Drs. Foster & Smith, Inc.
Race Foster, DVM
Digestive System

Foreign bodies of the stomach are items found in the puppy stomach that should not be there. Puppies, by nature, love to chew and play with non-food things and may intentionally or accidentally swallow these substances. Commonly found stomach foreign bodies include balls, marbles, coins, stones, bottle caps, bones, sticks, clothing, buttons, paper clips, fish hooks, etc. All are capable of being swallowed, but may not exit the stomach and instead, become lodged there.

What are the symptoms?

Vomiting is almost always the hallmark sign of stomach foreign bodies. If the object is large, such as a golf ball, the vomiting may be frequent, even twenty times a day. If, however, the foreign body is small, such as a paper clip, it may not completely block the food passage and the vomiting may be intermittent, perhaps as infrequently as once or twice a week. The puppy may have a decreased or normal appetite. Generally, the larger the foreign body, the less the appetite will be. Complete blockages result in no appetite.

What are the risks?

Foreign bodies of the stomach are always potentially serious, but may not constitute a medical emergency. Many foreign bodies eventually exit the stomach and pass harmlessly in the feces. It is the foreign bodies that become permanently lodged or that block food passage that are the most critical. The inability to eat and/or vomiting are sure signs that the foreign body is causing a problem.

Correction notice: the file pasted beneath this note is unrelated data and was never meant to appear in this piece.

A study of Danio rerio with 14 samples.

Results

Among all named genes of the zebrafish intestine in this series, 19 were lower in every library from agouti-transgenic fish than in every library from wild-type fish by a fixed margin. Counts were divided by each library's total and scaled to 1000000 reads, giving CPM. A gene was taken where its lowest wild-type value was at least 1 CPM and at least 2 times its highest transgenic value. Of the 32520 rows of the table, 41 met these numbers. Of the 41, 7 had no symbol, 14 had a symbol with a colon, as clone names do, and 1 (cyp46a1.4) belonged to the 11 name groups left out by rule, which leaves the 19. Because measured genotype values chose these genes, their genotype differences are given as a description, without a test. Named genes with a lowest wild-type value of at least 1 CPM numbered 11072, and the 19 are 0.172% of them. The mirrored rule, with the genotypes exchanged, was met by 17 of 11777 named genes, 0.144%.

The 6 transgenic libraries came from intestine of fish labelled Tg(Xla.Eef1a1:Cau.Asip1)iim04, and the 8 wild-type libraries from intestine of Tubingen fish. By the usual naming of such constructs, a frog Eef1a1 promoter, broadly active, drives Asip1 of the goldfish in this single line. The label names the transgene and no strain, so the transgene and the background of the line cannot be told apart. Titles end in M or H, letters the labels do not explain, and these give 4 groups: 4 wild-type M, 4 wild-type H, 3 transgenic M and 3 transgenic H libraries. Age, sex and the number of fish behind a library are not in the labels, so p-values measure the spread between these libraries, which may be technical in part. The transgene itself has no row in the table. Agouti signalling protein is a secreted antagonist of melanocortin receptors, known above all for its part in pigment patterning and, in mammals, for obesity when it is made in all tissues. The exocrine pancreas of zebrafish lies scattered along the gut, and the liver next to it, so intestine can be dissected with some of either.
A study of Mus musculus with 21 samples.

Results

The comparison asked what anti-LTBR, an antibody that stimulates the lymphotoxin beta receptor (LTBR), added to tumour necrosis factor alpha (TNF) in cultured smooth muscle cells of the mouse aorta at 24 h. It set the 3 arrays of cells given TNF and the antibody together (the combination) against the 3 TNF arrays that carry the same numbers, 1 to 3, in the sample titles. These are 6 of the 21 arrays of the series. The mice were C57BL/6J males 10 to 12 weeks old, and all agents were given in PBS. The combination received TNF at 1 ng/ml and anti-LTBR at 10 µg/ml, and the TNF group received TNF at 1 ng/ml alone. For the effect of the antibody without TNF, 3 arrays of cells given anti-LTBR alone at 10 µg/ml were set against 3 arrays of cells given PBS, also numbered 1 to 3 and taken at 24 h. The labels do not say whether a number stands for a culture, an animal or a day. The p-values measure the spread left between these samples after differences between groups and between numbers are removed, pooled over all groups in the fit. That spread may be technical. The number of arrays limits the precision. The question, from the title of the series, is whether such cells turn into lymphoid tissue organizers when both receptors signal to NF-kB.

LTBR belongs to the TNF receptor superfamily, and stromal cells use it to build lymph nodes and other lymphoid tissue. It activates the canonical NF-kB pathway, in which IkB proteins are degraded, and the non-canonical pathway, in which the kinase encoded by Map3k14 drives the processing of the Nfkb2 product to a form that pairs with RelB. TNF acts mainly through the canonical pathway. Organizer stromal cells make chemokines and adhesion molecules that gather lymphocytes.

What is the management?

All foreign bodies must be removed from the stomach. Some, especially if small, will pass into the intestines and exit the body with the feces. If a lubricant such as mineral oil is administered, it may be especially helpful at moving the foreign bodies, such as a small piece of cloth or small fragments of bone, into the intestine. Mineral oil, however, is of little help in aiding the passing of large objects such as balls. If an object is going to pass naturally, it usually occurs within 48 hours of ingestion. If vomiting begins, or the object fails to naturally pass, then surgical removal is the only option. Left untreated, gastric foreign bodies usually result in ulceration, starvation, dehydration, and eventually death. If your puppy ingests a foreign object, always consult your veterinarian to determine the appropriate therapy.